Government Facilitates Mining Conflict, JATAM Says
3 November 2022 23:25 WIB
TEMPO.CO, Jakarta - The Mining Advocacy Network (JATAM) National Coordinator Melky Nahar, asserted that mining conflicts in Indonesia continue to be a severe problem. In fact, Melky said that the government is one of the many factors that complicate mining issues.
Mining conflicts, Melky added, cannot be separated from the political contestation of the general election as he believed that many funds sourced from mining have been disbursed to fund political campaigns. In fact, Melky explained, it is not uncommon for politicians to also have their part in the mining business.
"The records we collected show that 86 percent of the campaign funds for the two presidential election candidates in 2019 came from mining companies," said Melky during a discussion that mainly focused on conspiracy and oligarchs behind the mining industry on Thursday, November 3, 2022.
Executive, Legislature Practitioners Linked to the Mining Industry
As a result of the mining business funding the electoral contestation, said Melky, the government that was formed is a government that accommodates the interests of the mining industry. JATAM's research show most of the executive and legislative bodies in Indonesia are filled with people working in the mining industry.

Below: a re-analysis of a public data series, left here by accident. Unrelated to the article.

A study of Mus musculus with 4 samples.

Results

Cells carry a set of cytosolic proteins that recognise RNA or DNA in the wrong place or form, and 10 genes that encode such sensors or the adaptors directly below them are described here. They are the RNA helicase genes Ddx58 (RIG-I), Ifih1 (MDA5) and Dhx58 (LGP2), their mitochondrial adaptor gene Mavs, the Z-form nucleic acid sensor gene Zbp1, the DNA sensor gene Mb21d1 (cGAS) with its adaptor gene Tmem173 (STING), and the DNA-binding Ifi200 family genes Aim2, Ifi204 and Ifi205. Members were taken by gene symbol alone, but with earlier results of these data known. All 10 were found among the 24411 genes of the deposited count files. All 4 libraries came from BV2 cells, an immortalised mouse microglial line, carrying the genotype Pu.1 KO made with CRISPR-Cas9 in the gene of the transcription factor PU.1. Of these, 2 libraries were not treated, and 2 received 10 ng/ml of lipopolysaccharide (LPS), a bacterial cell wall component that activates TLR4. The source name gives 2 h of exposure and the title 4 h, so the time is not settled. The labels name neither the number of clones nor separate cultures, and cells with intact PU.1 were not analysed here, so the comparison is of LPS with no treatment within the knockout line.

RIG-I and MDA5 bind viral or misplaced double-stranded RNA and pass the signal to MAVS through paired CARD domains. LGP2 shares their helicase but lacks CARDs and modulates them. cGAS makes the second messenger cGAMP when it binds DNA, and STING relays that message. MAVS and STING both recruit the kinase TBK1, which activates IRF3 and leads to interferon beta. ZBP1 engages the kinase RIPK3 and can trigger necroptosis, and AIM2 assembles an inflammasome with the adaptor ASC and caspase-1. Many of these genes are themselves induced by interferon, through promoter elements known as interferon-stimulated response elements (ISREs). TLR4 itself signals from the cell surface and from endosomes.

“For example, two-thirds of the Jokowi Cabinet is affiliated with the mining business. On the legislative side, of the 575 elected members of the House of Representatives (DPR), 43 percent are in the mining business," he said in a public discussion.
In addition to policy issues that benefit the mine, Melky claims many cases show civilians silenced - or attempts to - by the mobilization of authorities. He recalled the time he advocated for residents of Bangka and North Sulawesi, which the people had legally won against mining firms that had their permits revoked.
During his advocacy for the locals, Melky claims he had been invited to the Coordinating Ministry for Maritime Affairs and Investment led by Luhut Binsar Pandjaitan. At that time, he stated that Luhut had invited him to talk about the restoration of the mining area. During the meeting, he claimed to have met the owner of the mining site who offered him some money.
"Imagine this situation [where there is] an individual who is not invited but is able to visit the Ministry HQ and go as far to name our price [in hopes that it would] stop us from advocating for the locals," he said.